Sunday, January 27, 2013

The Filibuster: Two Nations Negotiate, Not Two Political Parties

The filibuster is a mechanism by which a minority party that controls at least 41 votes in the 100 member Senate can block passage of any legislation it chooses even if there is a majority in favor. This tactic produces, in effect, minority control of the legislative process. This is clearly an inefficient and an unhealthy means by which to govern. Ezra Klein has provided an excellent summary of the history of the filibuster and of the current activities associated with attempts to modify it in The New Yorker: Let’s Talk: The Move to Reform the Filibuster

The Senate-clogging mechanism was clearly not intended by the Founders, but they did allow the two houses of Congress to determine the rules by which they would conduct their proceedings.

"The Constitution expressly specifies the occasions on which majority rule is to be considered insufficient: removing the President, expelling members, overriding a Presidential veto of a bill or a resolution, ratifying treaties, and amending the Constitution."

The path to the filibuster arose accidentally out of an attempt to improve the clarity of the Senate’s rules.

"In 1806, the Senate rewrote its rules to make them clearer. Along the way, it dropped a provision called ‘the previous question motion,’ which allowed a senator to hold a majority vote to end debate on a question, and, in so doing, dropped the only way to stop a group of senators from talking."

This left the senate in the mode of assuming that no members would abuse this path in order to subvert the will of the majority on a major issue.

It wasn’t until 1917 that the procedure was carried to an extreme. At that point a group of isolationist senators talked for 23 days until the senate’s session came to an end in order to block Woodrow Wilson’s intention to arm merchant ships prior to formal entry into World War I. The response to this action was to establish a mechanism for terminating "debate."

"During a special session of Congress....the senate agreed to Rule XXII, which empowered a two-thirds majority of senators to end debate through the procedure known as ‘cloture’."

The filibuster again became an issue when it was used by southern senators as a means obstructing attempts to combat their Jim Crow laws and Policies. Minimal reforms were put in place, but it wasn’t until 1974 that significant changes were made.

" the wake of Watergate and the resignation of Richard Nixon,....a huge Democratic majority swept into the Senate....the reformers forced the threshold for cloture down to three-fifths."

There is a valid argument to be made that the filibuster is important in preventing a majority from imposing onerous conditions on a minority. The problem with such an argument is that it cannot conceivably apply to all matters of legislation. Not all laws should require a supermajority.

"There’s no perfect measure of how frequently filibusters occur. The closest thing we have to a count is the number of cloture votes the majority mounts. From 1917 to 1970, the majority sought cloture fifty-eight times. Since the start of President Obama’s first term, it has sought cloture more than two hundred and fifty times. Even that is probably an undercount, as it misses all the moments when the majority just gave up on an issue before a vote was mounted."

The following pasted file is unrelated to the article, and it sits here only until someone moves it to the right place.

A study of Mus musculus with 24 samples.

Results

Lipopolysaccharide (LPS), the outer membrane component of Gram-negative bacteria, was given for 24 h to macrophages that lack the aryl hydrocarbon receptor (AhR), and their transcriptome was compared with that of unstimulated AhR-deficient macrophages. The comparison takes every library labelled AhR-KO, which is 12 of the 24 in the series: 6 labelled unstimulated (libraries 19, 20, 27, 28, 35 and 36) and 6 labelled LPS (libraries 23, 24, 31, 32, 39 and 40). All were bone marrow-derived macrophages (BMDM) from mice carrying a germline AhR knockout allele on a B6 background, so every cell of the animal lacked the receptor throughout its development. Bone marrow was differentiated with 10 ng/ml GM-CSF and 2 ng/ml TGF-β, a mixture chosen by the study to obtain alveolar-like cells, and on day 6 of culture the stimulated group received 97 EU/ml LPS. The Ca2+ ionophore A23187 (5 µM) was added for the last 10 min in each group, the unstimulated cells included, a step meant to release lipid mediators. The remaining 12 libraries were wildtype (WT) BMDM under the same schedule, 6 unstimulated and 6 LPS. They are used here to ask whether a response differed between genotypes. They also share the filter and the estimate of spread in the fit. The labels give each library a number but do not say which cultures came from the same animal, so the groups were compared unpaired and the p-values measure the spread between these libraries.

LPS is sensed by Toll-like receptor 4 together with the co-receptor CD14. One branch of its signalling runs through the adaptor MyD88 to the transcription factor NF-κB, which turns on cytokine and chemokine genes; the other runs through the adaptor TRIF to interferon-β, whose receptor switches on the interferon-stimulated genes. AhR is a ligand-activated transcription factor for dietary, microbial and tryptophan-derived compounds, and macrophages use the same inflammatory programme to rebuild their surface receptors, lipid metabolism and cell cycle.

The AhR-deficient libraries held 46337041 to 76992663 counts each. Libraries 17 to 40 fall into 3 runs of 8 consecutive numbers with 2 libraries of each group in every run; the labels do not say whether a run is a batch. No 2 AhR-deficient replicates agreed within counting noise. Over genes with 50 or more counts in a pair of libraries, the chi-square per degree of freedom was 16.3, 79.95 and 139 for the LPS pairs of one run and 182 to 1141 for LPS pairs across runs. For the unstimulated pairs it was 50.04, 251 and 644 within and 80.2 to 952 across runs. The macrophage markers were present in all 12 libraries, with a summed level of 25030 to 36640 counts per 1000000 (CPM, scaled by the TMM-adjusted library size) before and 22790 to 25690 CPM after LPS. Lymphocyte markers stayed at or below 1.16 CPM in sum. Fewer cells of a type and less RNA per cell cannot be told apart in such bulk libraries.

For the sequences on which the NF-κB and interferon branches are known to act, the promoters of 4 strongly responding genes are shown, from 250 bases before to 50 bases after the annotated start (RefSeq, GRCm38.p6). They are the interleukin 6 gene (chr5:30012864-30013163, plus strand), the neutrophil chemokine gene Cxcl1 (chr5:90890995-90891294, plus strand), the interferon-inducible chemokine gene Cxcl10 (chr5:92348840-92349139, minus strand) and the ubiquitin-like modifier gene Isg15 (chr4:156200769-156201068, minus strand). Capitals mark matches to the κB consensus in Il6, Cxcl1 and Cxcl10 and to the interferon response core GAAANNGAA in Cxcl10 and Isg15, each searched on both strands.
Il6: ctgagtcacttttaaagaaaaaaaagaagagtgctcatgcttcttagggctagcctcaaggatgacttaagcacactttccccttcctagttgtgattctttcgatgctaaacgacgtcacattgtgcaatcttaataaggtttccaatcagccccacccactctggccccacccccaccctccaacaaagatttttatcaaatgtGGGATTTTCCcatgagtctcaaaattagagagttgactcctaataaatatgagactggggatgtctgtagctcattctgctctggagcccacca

The means for changing this procedure have always been available, but party leaders seem to have little motivation to dramatically weaken the right to filibuster. Younger majority Senators are perpetually outraged at the obstructionism allowed. Older senators remember what it was like to be a member of the minority and how useful it was to have the filibuster available as a weapon at those times.

In truth, the controversy over use of the filibuster doesn’t relate to poor procedural rules, or malfeasance on the part of one particular party or the other; it relates to the fact that we have two components to our society and each views the other as an existential threat. When filibusters are invoked today, the two parties are not arguing over the most effective features of a proposed law, they are arguing that their way of life is being put at risk.

Recall that the Founders thought it important to require a supermajority for ratification of a treaty. Treaties are difficult to negotiate because they often involve two nations that have little trust in each other, and the issues can be momentous—even existential. An analogy between contending nations and contending political parties becomes compelling when we consider how diametrically opposed the Republican and Democratic parties are on just about every issue. Whether one wants to describe the situation as liberal versus conservative, North versus South, rural versus urban, religious versus sectarian, libertarian versus communitarian—aspects of all are involved—we are, in fact, two nations trying to live together as one.

One should recall that the United States was created as two nations: slave and non-slave. We have yet to fully overcome that initial division. Conflict flared up and led to the Civil War. It flared up again and resulted in the tumultuous and violent civil rights struggles in the middle of the twentieth century. It seems we have one more conflict to endure. One can draw a straight line across time from the economic and political philosophy espoused by the slave-state South to that of the Southern core of the Republican Party today.

We must decide whether we are a nation of individuals who function better when acting in concert, or we are a nation of individuals who need collaborate only when absolutely necessary. Until we reach an overwhelming consensus on that issue we might as well keep the filibuster rule in place. Perhaps the continuing dysfunction will force our citizens to finally come to a definitive conclusion.